UPDATED, 1:48 p.m.: Love must have been alive for two hours after suffering brain injuries, another expert testified Monday.
University of Virginia neuropathologist Dr. Beatriz Lopes said she performed tests on Love’s brain that showed damage to the neurons that wouldn’t have been detected unless the person lived at least two hours after suffering the injuries.
Huguely was seen outside of Love's apartment at about 11:50 p.m. on May 2, 2010. One of Love's roommates returned to the apartment and found her bloodied body shortly after 2:15 a.m., the roommate, Caitlin Whiteley, testified last week.
Lopes also said Love showed swelling in brain as a result of fluid leaking into the brain from a lack of oxygen.
UPDATED, 11:18 a.m.: A neuropathologist who examined Love's brain says the woman suffered injuries to the area of the brain that controls basic life functions and her wounds were not due to resuscitation efforts.
Dr. Christine Fuller of Virginia Commonwealth University testified that Love suffered contusions and hemorrhaging to her brain stem that were visible to the naked eye.
Those injuries are significant, Fuller said, because "that's where the vital structures are." Someone who suffered such bruises would likely suffer respiratory and cardiac arrest quickly — either immediately or within a few hours.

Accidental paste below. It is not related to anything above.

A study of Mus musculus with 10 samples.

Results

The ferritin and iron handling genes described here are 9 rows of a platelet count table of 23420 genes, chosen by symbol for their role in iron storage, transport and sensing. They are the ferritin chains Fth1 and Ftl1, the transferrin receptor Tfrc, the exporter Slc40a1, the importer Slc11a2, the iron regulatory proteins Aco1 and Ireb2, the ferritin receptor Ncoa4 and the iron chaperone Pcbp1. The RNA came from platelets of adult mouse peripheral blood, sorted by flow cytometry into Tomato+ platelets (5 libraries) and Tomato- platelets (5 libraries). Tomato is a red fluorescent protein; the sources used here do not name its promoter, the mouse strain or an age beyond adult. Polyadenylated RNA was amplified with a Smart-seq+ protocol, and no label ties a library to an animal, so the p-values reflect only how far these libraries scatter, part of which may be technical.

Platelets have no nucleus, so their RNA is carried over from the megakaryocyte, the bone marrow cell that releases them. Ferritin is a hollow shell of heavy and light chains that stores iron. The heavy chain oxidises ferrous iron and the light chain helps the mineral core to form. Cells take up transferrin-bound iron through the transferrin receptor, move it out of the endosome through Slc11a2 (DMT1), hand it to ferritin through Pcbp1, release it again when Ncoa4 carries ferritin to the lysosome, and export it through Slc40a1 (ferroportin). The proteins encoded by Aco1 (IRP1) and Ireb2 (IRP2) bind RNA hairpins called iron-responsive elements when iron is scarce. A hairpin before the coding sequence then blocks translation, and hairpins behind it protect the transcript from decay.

The injuries to the back and side of Love's brain were the result of trauma, Fuller said, refuting the defense's contention that some of the injuries stemmed from paramedics' CPR efforts.
"If you find hemorrhaging in that location, it's trauma, period," she said.
Fuller said such hemorrhages have never been associated with the administration of CPR. She also described brain injuries that can happen when blood flow is restored during CPR — the organ becomes swollen and discolored. Love didn't have any such injuries, she said.
Fuller testified that she found injuries on both sides of Love's brain, meaning her head was likely twisted in more than one direction.
Original post at 9:45 a.m.:
CHARLOTTESVILLE, VA. — More medical experts who examined Yeardley Love's slain body are expected to testify Tuesday at the murder trial for George Huguely V.
The 24-year-old University of Virginia lacrosse player from Chevy Chase is accused of beating Love, 22, to death in May 2010.
Dr. William Gormley, the coroner who performed Love's autopsy, began testifying Monday. He said Love suffered severe bruising to her head and neck that might have led her heart to stop beating.
Two neuropathologists who examined Love's brain are expected to testify Tuesday, and Gormley will also likely give further testimony.
In previous hearings, Gormley has said Love died of blunt force trauma to the head.
The defense has argued that an irregular heartbeat caused by mixing alcohol with Adderall, a medication for Attention-Deficit Disorder, led to Love's death. Several more medical experts are expected to testify when the defense presents its case later this week.